What do you want to be when you grow up? Remember that question? I feel like it was a constant companion when I was little. This question of future possibilities. It was usually answered with ‘a policeman’, or ‘an astronaut’ or ‘a fire engine’. You know, the standard things kids want to be.
I don’t ever remember being asked, what do you want to do when you grow up? It was always what do you want to be? It’s a little thing, but it speaks volumes about how our thinking changes as we grow.
‘Be’ elicits thoughts of a calling, of becoming something and creating something.
‘Do’ is just about doing things and actions.
I believe that we all have a desire to be something, to fulfil our calling, the reason why we are here on this planet. More often than not, I have discovered that peoples calling is about other people. Caring for them, helping them, finding fulfilment in watching others grow and develop and reach their full potential.
There is no doubt that we ‘do’ things in the process, but the doing serves the calling, not the other way around.
So what do you want to be when you grow up? There is something within each and every one of us which cries out to help other people – but whether we listen to that is up to us.
I don’t know if it happens at a specific time in life, or if it becomes a consistent interruption in thinking, but the desire to leave a lasting impact on our world is a strong motivation for many people. Some would call it a legacy.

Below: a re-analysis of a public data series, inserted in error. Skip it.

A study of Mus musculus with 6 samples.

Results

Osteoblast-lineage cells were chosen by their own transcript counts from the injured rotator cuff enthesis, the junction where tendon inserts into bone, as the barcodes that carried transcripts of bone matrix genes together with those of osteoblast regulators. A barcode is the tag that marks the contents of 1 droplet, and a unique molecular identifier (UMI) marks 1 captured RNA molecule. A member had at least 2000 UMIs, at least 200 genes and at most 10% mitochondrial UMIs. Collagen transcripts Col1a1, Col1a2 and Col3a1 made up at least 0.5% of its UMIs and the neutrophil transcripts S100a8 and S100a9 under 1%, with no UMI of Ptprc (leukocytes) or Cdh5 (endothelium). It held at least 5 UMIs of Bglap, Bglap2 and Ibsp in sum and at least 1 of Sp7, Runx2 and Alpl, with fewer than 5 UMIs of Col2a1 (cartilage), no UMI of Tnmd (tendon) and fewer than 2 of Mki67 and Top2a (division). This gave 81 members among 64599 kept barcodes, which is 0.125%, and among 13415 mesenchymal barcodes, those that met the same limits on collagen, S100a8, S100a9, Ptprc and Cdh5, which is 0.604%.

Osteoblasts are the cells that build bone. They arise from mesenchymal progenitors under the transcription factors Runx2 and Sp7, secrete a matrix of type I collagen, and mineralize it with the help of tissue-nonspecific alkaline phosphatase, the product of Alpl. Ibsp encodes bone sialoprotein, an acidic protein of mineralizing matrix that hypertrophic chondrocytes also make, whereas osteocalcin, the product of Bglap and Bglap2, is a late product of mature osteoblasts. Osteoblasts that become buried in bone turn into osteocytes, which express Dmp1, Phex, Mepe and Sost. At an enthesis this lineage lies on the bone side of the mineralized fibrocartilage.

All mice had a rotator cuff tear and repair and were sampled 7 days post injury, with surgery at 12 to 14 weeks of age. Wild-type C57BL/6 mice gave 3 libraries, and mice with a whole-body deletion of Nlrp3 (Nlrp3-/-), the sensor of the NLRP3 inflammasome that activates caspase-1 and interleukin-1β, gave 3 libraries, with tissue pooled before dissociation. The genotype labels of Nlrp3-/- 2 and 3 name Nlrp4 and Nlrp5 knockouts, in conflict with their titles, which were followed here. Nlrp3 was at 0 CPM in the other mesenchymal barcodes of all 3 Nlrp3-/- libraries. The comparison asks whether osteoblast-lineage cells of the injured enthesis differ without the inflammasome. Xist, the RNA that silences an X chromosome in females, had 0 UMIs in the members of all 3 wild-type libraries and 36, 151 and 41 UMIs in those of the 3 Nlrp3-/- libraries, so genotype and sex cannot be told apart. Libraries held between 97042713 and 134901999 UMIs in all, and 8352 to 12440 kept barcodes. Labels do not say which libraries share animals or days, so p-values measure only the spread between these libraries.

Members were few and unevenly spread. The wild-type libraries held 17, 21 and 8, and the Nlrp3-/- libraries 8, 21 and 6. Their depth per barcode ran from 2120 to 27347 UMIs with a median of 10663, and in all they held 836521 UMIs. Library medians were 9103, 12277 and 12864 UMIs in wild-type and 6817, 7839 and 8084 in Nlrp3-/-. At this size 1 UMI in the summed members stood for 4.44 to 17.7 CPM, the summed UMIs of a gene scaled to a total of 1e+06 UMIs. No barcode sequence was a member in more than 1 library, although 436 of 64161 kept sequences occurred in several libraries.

Legacy is a heavy word with connotations of a long term, far off benefit for some unknown people. But in reality it doesn’t have to be like that.
We can all leave a legacy starting right now, through two easy steps.
Firstly, we can give money generously to causes that we care about. Our donations have long lasting impacts and will benefit our world from the moment we give.
Secondly, we can include our kids in the process of giving and generosity. We can start by having conversations with them about the organisations we support, show them the stories of lives being changed because of our giving, and invite them to participate through giving some of their pocket money, or birthday money and letting them suggest some organisations that we can give to.
These simple actions and conversations with our children will not only impact our world, but also our family for generations to come. Creating a culture of generosity with our kids will bring about gratitude and positivity within the family unit.
No matter who you are or where you live, every person has the same needs in life. Regardless of if you are living in the slums of Delhi in India, in rural Indonesia or a capital city in Australia, there are three keys, which are essentials of happiness.
Firstly, we require something to do. A job for us to put our hands to and to keep busy with – in the Old Testament book of Ecclesiastes Solomon says that it is good for us to find satisfaction in what we do, the vocation that we dedicate our lives to.
Secondly, we need something to love – a family, a group of friends, a community to be part of. This is what we call social capital – which is a measurement of cultural and social networks we have access to, that are built on trust, cooperation and connection. Being well connected to a community has been proven to reduce the probability of being poor – both financially and emotionally.
Thirdly, we desire something to hope for – be it a better future for us and our family, or a hope in a loving God.
This third one is incredibly significant. There is something about our journey in hope which is intrinsically connected to our happiness. If we have something to hope for, then we have access to joy.